Milk thistle, also known as Silybum marianum within the scientific community, has been used for hundreds of years in order to primarily treat liver, kidney or gall bladder ailments. Although it is native to the Mediterranean region, it is now found in all parts of the world. Milk thistle, which is a plant that can reach up to ten feet in height, actually gets its name from the milky white sap obtained from the leaves when they are squashed.
Research has long ago demonstrated how valuable its most significant flavonoid, named silymarin, can be to the human liver. Back in 1986, milk thistle was finally approved for treating liver diseases. It is now regularly employed in cases related to alcoholic hepatitis, alcoholic fatty liver, cirrhosis, liver poisoning or viral hepatitis. It has also been shown to protect the liver from toxins created by medications such as acetaminophens, which are non-aspirin pain suppressors.
Whether you enjoy having occasional alcoholic beverages or regularly indulge in them, it's important that you know how milk thistle can protect your liver. Alcohol consumption makes the liver work very hard by trying to relieve the body of this unwanted substance in order to regain much needed homeostasis. Thankfully, silymarin helps repair liver cell damage from alcohol, or any other toxins for that matter, by increasing protein synthesis.
In at least five of the studies reported by the U.S. Agency for Healthcare Research and Quality, tests showed it was possible to greatly improve liver functions in patients suffering from milder forms of alcoholic liver diseases. Unfortunately, it wasn't as effective with those afflicted by more serious conditions such as is the case with cirrhosis, characterized by permanent scarring and non-reversible damage.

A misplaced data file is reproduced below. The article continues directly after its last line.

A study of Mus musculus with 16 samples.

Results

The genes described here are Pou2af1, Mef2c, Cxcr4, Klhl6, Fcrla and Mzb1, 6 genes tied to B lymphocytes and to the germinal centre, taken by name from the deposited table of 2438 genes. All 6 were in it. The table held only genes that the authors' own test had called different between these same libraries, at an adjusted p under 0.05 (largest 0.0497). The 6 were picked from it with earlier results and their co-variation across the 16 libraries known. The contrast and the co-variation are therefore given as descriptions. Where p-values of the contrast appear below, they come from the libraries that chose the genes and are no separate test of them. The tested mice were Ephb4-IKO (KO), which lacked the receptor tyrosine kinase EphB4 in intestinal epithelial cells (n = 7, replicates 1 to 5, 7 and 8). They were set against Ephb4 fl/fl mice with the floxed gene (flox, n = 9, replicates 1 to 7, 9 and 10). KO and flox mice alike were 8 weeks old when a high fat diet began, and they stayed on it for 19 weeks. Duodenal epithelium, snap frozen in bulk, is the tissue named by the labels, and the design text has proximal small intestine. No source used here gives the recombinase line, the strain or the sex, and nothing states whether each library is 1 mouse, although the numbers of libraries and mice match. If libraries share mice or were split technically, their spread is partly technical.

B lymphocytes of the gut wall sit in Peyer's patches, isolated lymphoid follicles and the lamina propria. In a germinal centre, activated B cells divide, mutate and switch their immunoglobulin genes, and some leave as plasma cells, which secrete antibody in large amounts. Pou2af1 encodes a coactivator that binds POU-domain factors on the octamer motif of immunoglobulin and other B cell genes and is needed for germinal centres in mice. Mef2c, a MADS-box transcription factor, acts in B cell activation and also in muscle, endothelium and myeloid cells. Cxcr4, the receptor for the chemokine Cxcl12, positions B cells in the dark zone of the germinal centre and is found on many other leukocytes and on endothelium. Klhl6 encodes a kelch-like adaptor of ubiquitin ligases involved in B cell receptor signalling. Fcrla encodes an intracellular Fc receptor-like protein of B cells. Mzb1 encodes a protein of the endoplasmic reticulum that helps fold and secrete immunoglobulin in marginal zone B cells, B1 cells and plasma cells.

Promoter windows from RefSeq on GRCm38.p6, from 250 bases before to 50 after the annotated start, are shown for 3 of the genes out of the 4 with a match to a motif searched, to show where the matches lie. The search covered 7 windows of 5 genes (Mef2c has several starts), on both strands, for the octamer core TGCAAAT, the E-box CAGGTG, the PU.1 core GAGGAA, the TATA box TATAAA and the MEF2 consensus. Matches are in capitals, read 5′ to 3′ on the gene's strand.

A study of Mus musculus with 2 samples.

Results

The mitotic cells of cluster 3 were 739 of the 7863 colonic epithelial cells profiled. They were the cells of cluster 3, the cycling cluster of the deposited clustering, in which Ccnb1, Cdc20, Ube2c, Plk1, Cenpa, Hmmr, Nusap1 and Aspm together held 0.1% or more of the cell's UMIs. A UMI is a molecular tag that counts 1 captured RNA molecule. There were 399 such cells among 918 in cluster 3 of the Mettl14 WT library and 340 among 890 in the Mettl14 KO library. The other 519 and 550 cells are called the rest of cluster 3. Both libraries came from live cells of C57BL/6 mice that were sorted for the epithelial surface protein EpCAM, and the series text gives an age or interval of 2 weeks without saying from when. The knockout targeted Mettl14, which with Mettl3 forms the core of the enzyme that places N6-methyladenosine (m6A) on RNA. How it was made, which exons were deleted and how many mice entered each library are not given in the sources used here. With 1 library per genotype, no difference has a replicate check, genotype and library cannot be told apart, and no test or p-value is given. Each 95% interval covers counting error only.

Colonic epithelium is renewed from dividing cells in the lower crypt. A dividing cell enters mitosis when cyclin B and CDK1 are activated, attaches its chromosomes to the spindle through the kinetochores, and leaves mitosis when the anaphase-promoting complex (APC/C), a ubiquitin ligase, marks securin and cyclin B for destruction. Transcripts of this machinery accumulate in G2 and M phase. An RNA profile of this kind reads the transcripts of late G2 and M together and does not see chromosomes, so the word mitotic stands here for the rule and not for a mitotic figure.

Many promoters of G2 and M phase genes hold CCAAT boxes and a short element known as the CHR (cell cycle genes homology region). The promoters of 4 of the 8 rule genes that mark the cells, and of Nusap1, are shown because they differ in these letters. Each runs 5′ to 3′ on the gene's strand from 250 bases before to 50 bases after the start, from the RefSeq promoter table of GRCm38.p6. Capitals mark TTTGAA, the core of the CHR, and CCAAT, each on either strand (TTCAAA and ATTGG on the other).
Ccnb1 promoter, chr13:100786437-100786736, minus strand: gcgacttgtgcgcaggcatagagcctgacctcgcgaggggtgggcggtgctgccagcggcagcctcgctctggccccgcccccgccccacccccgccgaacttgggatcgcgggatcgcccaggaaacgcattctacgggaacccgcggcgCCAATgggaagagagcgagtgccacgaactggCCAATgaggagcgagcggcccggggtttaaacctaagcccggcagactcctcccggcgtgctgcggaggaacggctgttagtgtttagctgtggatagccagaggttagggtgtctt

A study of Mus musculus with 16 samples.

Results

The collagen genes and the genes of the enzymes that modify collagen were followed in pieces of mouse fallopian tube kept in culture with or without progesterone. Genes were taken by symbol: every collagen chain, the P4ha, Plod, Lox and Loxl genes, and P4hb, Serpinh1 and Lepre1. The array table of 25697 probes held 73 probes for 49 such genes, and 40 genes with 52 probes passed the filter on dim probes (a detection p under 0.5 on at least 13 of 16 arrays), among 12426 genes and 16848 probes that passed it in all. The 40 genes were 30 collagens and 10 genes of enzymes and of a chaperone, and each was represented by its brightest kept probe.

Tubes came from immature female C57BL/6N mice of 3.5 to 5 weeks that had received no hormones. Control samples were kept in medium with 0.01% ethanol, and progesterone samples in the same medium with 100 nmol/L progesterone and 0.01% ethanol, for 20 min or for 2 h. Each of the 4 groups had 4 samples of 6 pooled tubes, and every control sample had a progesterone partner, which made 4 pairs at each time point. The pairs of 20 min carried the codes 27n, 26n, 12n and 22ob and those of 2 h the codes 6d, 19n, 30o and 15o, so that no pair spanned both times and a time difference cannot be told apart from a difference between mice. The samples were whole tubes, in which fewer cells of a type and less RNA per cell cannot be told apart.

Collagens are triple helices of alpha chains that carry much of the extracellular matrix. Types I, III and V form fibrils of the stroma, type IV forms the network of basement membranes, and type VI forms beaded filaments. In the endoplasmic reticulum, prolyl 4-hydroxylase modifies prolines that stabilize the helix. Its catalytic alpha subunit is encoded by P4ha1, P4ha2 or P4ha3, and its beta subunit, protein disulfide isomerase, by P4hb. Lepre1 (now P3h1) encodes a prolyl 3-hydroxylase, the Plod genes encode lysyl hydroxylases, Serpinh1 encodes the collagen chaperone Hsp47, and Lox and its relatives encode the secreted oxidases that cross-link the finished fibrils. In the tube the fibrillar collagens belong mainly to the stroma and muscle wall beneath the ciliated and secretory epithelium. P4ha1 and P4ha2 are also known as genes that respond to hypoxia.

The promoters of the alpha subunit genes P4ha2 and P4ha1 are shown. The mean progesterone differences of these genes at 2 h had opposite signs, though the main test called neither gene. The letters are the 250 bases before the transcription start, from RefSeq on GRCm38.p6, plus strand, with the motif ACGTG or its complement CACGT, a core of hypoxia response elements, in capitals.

Milk thistle considered for the treatment of hepatotoxicity in childhood acute lymphoblastic leukemia
Milk thistle has often been used in the past to contain chemotherapy-associated hepatotoxicity but with recent clinical research, its effectiveness was further confirmed. A total of fifty children suffering from acute lymphoblastic leukemia were randomly given either milk thistle or a simple placebo to evaluate the liver's response. On average, the milk thistle led towards lower toxicity levels within the children's livers, while not disturbing the chemotherapy agents in the process. More tests are needed in order to identify the most reliable doses, as well as the preferable length of treatments.
Some initial laboratory results make researchers believe that milk thistle's flavonoids may also have anti-cancer potential. Silymarin, with its strong antioxidant properties, has demonstrated the ability to restrain the growth of human prostate, cervical and breast cancer cells. More tests are required in order to confirm its effectiveness and safety.
Last but not least, a study conducted on animals revealed that silymarin was able to reduce bad cholesterol levels just as much as a drug called probucol, often prescribed to generate the same desired effects. Besides preventing higher toxicity within the body, silymarin also seemed capable of increasing HDL, or good cholesterol, levels.